DUI case tossed over brake-light stop

Nonfunctional signal didn't justify stopping driver, AZ court says

  • Updated

When it comes to brake lights, one is enough, at least according to the state Court of Appeals.

In a unanimous decision, the judges threw out the drunken-driving conviction of Tucsonan Aaron Fikes.

The court did not address whether Fikes was, in fact, impaired when he was stopped. Instead, the judges concluded police had no legal reason to pull him over in the first place.

Assistant Attorney General Kent Cattani promised an appeal to Friday's ruling. He said that even if Fikes was doing nothing that was technically illegal to draw the attention of police, he believes that should not preclude the motorist from being stopped to at least tell him or her of the burned-out light.

Court records show that a Tucson police officer stopped the vehicle Fikes was driving because the top center brake light on his sport utility vehicle was not working. But Judge Joseph Howard, writing for the court, said it is undisputed that the other two lights were functional.

"The officer observed no other traffic infractions, nor did the officer articulate any other reason for the stop," Howard wrote.

A trial judge refused to dismiss the case, and Fikes, a Tucson resident, was convicted of drunken driving while on a suspended license. He was sentenced to four months in jail followed by three years of probation.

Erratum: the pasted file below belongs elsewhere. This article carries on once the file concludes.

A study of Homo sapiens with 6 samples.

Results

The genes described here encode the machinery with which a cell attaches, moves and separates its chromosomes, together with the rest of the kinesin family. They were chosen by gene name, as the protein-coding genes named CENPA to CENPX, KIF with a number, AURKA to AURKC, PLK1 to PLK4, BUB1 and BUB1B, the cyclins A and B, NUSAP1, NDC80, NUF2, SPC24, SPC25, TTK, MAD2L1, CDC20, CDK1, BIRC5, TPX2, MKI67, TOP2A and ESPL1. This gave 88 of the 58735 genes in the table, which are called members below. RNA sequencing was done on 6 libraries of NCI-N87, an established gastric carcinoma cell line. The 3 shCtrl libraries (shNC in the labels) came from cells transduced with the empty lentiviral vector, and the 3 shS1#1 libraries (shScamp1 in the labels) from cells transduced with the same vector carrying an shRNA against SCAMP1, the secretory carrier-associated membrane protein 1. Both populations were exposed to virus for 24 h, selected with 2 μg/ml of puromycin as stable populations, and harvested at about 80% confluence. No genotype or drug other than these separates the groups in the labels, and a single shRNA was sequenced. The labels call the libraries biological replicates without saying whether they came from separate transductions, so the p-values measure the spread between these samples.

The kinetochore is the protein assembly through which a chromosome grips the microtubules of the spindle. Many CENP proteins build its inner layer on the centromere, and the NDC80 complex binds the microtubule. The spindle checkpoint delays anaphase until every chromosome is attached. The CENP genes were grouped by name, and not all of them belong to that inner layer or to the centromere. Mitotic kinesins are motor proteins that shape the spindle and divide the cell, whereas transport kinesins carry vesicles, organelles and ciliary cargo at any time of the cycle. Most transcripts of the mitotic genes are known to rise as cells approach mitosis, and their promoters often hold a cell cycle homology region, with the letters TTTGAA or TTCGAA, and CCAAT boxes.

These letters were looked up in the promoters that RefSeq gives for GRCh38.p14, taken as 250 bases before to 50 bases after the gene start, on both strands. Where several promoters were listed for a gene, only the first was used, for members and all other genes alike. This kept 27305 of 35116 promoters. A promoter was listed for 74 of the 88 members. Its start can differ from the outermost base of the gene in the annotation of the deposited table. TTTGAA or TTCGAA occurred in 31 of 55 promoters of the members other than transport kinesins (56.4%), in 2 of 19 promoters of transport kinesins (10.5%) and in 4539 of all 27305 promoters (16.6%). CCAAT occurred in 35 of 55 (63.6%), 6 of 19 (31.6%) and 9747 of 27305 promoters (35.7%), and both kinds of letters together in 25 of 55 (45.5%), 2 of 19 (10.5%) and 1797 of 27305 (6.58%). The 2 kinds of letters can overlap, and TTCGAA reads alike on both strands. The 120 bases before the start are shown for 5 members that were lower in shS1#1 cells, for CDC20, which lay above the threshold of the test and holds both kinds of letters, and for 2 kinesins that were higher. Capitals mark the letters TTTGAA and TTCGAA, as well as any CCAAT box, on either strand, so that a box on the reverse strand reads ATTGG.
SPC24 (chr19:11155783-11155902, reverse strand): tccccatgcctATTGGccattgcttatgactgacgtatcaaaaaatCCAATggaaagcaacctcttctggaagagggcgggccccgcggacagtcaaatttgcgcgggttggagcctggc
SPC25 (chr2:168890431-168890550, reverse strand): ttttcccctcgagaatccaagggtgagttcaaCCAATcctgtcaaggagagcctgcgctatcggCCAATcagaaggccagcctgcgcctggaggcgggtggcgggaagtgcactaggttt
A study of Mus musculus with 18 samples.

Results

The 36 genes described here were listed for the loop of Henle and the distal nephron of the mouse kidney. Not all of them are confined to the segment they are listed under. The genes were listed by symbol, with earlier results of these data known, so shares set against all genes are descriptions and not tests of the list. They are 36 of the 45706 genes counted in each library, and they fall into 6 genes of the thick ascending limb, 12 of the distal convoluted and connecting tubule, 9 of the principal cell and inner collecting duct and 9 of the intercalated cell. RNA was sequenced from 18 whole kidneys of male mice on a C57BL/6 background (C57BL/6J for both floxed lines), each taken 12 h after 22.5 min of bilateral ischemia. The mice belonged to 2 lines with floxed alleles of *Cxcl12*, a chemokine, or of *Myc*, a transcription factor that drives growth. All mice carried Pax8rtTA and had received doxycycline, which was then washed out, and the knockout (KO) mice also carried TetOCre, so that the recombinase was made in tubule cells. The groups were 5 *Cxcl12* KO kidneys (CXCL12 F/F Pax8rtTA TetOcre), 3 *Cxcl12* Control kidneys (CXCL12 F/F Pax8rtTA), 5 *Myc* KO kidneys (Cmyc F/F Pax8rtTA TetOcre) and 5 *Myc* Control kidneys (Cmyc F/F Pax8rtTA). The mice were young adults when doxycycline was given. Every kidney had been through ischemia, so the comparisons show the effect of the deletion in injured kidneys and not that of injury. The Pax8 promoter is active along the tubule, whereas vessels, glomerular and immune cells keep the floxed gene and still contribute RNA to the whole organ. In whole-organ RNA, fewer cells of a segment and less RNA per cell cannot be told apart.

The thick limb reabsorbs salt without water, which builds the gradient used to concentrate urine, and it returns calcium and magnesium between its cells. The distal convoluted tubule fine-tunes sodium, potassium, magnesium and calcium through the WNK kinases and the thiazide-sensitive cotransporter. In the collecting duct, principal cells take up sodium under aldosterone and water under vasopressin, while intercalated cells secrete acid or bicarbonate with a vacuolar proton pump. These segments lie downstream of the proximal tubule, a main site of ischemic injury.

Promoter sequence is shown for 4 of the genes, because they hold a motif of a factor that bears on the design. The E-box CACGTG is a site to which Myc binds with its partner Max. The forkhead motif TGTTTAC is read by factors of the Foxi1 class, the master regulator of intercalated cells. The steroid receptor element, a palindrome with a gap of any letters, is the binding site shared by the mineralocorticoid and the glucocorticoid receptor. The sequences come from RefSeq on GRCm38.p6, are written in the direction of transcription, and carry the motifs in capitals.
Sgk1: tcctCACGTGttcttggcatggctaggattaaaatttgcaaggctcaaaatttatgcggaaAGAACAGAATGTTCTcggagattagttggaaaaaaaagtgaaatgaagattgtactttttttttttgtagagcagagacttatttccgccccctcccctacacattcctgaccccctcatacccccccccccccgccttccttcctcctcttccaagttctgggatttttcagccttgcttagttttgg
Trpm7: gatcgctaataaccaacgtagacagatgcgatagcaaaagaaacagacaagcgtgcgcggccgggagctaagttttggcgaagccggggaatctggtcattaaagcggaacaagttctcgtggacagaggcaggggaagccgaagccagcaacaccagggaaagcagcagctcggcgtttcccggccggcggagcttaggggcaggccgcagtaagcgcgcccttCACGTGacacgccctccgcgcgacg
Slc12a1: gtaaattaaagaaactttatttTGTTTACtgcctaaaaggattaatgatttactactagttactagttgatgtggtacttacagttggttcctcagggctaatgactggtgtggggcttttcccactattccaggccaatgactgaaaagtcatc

Howard said police are entitled to "stop and detain" any person for an actual or suspected violation of the state's motor vehicle laws. But he said stopping a vehicle is a seizure under the Fourth Amendment to the U.S. Constitution.

"Such a seizure is constitutionally permissible only if the officer has a reasonable suspicion of criminal activity," Howard wrote.

In this case, the judge said, state law says that if a vehicle is equipped with a stop lamp, "the lamp or lamps shall be maintained at all times in good working condition." He said a plain reading of that language means a vehicle need have only a single brake light.

Howard noted that prosecutors argued that lawmakers may have wanted all brake lights to work because a nonfunctioning light could confuse other drivers.

"However, the legislative history does not indicate that the Legislature was concerned with this possibility," the judge wrote. "And nothing in the record indicates any other driver was or could have been confused here."

And Howard said if that's not what lawmakers meant, they are "free to correct our mistake."

Defense attorney Larry Gee said that fix would be simple: He said lawmakers could amend the law so the law would read "the lamps shall be maintained." But he said they did not do that, making the initial stop of his client improper.

Cattani said the ruling is a mistake and believes that stopping vehicles with nonworking equipment is something that Arizonans want their police officers to do.